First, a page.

FPF Submits Comments to the FTC on the Application for a New Parental Consent Method
Today, the Future of Privacy Forum (FPF) submitted comments to the Federal Trade Commission (FTC) regarding the use of “Privacy-Protective Facial Age Estimation” as a potential mechanism for verifiable parental consent (VPC) under the Children’s Online Privacy Protection Act (COPPA) Rule.
- The “Privacy-Protective Facial Age Estimation” technology may improve the existing landscape for verifiable parental consent, provided appropriate privacy safeguards are in place;
- The “Privacy-Protective Facial Age Estimation” technology and associated risks are distinct from the biometric privacy risks associated with facial recognition technologies; and
- If the FTC approves the application, the Commission’s approval should require ongoing implementation of the privacy and fairness safeguards outlined in the application.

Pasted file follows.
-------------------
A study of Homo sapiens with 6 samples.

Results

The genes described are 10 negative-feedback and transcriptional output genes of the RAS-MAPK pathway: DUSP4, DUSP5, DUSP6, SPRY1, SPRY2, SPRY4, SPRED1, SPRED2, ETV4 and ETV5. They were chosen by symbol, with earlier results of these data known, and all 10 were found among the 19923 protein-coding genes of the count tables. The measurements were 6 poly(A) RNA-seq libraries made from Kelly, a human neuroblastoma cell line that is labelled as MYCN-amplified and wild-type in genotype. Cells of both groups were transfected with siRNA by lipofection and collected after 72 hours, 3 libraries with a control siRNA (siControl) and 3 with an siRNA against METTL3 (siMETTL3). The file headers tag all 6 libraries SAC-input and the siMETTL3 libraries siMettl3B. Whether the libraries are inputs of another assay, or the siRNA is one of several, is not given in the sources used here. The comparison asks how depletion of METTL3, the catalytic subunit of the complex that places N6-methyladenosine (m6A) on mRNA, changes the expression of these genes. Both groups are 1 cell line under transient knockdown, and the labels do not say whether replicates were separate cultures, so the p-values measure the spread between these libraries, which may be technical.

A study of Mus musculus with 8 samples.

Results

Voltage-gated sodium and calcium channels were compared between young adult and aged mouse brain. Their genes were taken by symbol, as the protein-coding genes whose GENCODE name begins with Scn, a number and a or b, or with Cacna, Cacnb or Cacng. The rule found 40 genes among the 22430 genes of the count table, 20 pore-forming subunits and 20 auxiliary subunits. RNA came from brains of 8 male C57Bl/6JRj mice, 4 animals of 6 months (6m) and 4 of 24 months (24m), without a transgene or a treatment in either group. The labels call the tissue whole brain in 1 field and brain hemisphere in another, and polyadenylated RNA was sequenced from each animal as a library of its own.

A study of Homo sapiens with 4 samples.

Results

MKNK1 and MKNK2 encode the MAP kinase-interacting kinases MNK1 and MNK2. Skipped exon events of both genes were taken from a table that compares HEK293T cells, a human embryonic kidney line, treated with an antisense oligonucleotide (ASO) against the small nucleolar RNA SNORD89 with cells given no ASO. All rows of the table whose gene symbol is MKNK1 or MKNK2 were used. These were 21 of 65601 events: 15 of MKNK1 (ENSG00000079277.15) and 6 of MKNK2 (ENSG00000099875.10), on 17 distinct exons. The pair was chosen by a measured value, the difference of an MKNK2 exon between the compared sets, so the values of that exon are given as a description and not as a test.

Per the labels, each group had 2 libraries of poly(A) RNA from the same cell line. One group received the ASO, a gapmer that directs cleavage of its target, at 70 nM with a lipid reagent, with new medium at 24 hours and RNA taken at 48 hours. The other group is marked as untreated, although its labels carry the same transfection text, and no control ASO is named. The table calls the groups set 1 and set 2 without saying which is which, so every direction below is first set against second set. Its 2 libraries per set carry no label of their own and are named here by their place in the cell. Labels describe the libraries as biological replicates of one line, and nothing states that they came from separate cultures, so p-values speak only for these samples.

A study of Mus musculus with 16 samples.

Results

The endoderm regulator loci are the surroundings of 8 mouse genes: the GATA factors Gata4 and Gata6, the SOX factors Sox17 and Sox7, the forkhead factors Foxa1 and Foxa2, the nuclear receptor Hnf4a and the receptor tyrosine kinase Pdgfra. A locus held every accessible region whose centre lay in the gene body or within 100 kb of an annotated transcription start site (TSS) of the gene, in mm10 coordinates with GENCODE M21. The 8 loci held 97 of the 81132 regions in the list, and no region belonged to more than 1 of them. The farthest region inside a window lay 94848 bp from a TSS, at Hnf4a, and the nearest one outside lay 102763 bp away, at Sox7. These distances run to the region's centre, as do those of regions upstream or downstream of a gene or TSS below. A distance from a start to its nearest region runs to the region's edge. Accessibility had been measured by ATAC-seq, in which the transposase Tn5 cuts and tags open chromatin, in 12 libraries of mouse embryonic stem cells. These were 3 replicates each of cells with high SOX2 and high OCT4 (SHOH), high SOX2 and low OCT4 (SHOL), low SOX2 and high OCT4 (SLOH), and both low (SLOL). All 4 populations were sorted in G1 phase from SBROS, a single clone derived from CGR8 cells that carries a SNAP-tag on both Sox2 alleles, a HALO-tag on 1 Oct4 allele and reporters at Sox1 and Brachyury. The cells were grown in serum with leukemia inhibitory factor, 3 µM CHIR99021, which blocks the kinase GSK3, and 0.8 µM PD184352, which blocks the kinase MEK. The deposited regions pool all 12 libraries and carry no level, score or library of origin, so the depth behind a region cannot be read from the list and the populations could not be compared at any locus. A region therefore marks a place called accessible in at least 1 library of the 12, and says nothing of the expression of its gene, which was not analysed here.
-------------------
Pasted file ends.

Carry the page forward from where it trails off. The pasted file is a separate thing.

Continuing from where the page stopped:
In June, FPF published The State of Play: Is Verifiable Parental Consent Fit for Purpose?, investigating the shortcomings and opportunities presented by the current framework for verifiable parental consent (VPC) under COPPA and encouraging ingenuity to address key challenges. As federal lawmakers seek more comprehensive ways to update the 1998 law to match the 2023 online landscape, the approval of a new method for obtaining VPC has the potential to improve a process that is grappling with changing technologies, business practices, and individuals’ expectations.
FPF’s comments do not discuss the merits of using technology as a method of age estimation or verification for all users of a child-directed or mixed-audience service, which may place disproportionate privacy risks and burden on all users. Rather, we confine our analysis to the proposed context of this application, which we understand to only refer to the limited use of verifying that a purported parent granting COPPA consent is, in fact, an adult.
FPF’s full comments to the Commission are available here.